Reproduction 1:1 in terracotta of Thorvaldsen Ebe.
|Width||21.65 in||55 cm|
|Depth||21.65 in||55 cm|
|Weight||110.23 lbs||50 Kg|
|Manufacturing||Toscana Made in Italy|
This Hebe was sculpted in white marble by Bertel Thorvaldsen, a Danish sculptor of international fame, who spent most of his life (1789 - 1838) in Italy. The original statue is conserved in Thorvaldsen Museum of Copenhagen. In his time, he was seen as the successor of master sculptor Antonio Canova. His strict adherence to classical norms has tended to estrange modern audiences.
Hebe in ancient Greek religion, is the goddess of youth. She is the daughter of Zeus and Hera.
Bertel Thorvaldsen (Danish pronunciation: [b̥æɐ̯d̥l̩ ˈtˢɒːʋalˀsn̩]; 19 November 1770 – 24 March 1844) was a Danish/Icelandic sculptor of international fame, who spent most of his life (1797–1838) in Italy. Thorvaldsen was born in Copenhagen into a Danish/Icelandic family of humble means, and was accepted to the Royal Danish Academy of Art when he was eleven years old. Working part-time with his father, who was a wood carver, Thorvaldsen won many honors and medals at the academy. He was awarded a stipend to travel to Rome and continue his education.
In Rome, Thorvaldsen quickly made a name for himself as a sculptor. Maintaining a large workshop in the city, he worked in a heroic neo-classicist style. His patrons resided all over Europe.
Upon his return to Denmark in 1838, Thorvaldsen was received as a national hero. The Thorvaldsen Museum was erected to house his works next to Christiansborg Palace. Thorvaldsen is buried within the courtyard of the museum. In his time, he was seen as the successor of master sculptor Antonio Canova. His strict adherence to classical norms has tended to estrange modern audiences. Among his more famous public monuments are the statues of Nicolaus Copernicus and Józef Poniatowski in Warsaw; the statue of Maximilian I in Munich; and the tomb monument of Pope Pius VII, the only work by a non-Catholic in St. Peter's.
Thorvaldsen was born in Copenhagen in 1770 (according to some accounts, in 1768), the son of Gottskálk Þorvaldsson, an Icelander who had settled in Denmark. His father was a wood-carver at a ship yard, where he made decorative carvings for large ships and was the early source of influence on his son Bertel's development as a sculptor and on his choice of career. Thorvaldsen's mother was Karen Dagnes, a Jutlandic peasant girl. His birth certificate and baptismal records have never been found, and the only record is of his confirmation in 1787. Thorvaldsen had claimed descent from Snorri Thorfinnsson, the first European born in America.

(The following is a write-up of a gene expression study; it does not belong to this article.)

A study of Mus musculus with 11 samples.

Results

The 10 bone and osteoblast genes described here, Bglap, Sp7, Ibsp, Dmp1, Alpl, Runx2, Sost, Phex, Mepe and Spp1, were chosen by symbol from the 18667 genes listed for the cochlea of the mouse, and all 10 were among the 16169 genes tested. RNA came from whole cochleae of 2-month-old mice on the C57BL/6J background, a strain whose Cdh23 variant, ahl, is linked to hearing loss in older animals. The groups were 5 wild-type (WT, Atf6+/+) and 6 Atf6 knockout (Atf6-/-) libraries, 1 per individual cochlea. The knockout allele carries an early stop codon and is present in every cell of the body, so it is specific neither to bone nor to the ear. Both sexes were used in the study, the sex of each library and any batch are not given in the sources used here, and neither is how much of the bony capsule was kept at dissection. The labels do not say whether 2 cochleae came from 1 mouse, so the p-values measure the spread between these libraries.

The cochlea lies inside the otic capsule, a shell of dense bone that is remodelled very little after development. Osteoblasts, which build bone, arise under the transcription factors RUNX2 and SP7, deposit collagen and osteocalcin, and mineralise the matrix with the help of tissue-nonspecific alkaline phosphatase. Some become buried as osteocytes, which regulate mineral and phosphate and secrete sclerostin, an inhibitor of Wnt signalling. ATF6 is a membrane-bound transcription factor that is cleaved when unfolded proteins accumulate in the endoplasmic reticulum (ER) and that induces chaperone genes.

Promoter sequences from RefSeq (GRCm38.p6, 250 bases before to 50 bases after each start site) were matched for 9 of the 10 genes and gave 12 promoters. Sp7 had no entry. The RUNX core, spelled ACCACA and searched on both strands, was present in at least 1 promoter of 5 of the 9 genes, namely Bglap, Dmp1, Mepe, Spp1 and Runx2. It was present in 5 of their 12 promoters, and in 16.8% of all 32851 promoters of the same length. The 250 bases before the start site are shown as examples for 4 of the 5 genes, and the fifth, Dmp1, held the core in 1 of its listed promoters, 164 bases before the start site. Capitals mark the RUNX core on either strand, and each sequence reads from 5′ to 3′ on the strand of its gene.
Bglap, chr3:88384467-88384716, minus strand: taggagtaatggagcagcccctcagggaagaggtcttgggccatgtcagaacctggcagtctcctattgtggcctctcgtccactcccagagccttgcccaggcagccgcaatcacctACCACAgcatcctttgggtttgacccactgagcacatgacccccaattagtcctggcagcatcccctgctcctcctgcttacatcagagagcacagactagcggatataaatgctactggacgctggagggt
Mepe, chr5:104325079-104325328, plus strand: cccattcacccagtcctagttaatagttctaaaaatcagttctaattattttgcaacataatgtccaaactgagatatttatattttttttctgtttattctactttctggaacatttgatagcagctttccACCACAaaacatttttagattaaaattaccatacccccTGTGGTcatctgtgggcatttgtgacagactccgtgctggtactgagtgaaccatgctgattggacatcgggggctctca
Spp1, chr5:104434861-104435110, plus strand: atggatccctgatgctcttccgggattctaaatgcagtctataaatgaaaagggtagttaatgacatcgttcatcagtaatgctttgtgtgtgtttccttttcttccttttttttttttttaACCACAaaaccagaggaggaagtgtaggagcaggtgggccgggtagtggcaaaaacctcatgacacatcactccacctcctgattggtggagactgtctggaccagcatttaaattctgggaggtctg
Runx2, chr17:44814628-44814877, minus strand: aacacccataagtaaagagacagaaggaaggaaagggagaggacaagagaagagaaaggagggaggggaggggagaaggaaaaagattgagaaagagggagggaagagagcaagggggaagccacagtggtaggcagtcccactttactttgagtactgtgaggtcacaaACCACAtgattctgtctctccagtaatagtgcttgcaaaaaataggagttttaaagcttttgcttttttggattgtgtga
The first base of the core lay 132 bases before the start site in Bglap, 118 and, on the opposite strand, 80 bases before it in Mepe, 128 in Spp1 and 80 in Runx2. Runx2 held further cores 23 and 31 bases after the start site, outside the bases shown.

Thorvaldsen's childhood in Copenhagen was humble. His father had a drinking habit that slowed his career. Nothing is known of Thorvaldsen's early schooling, and he may have been schooled entirely at home. He never became good at writing, and he never acquired much of the knowledge of fine culture that was expected from an artist.
In 1781, by the help of some friends, eleven-year-old Thorvaldsen was admitted to Copenhagen's Royal Danish Academy of Art (Det Kongelige Danske Kunstakademi) first as a draftsman, and from 1786 at the modeling school. At night he would help his father in the wood carving. Among his professors were Nicolai Abildgaard and Johannes Wiedewelt, who are both likely influences for his later neo-classicist style.
At the Academy he was highly praised for his works and won all the prizes from the small Silver Medal to the large Gold Medal for a relief of St. Peter healing the crippled beggar in 1793. As a consequence, he was granted a Royal stipend, enabling him to complete his studies in Rome. Leaving Copenhagen on August 30 on the frigate Thetis, he landed in Palermo in January 1797 traveled to Naples where he studied for a month before making his entry to Rome on 8 March 1797. Since the date of his birth had never been recorded, he celebrated this day as his "Roman birthday" for the rest of his life.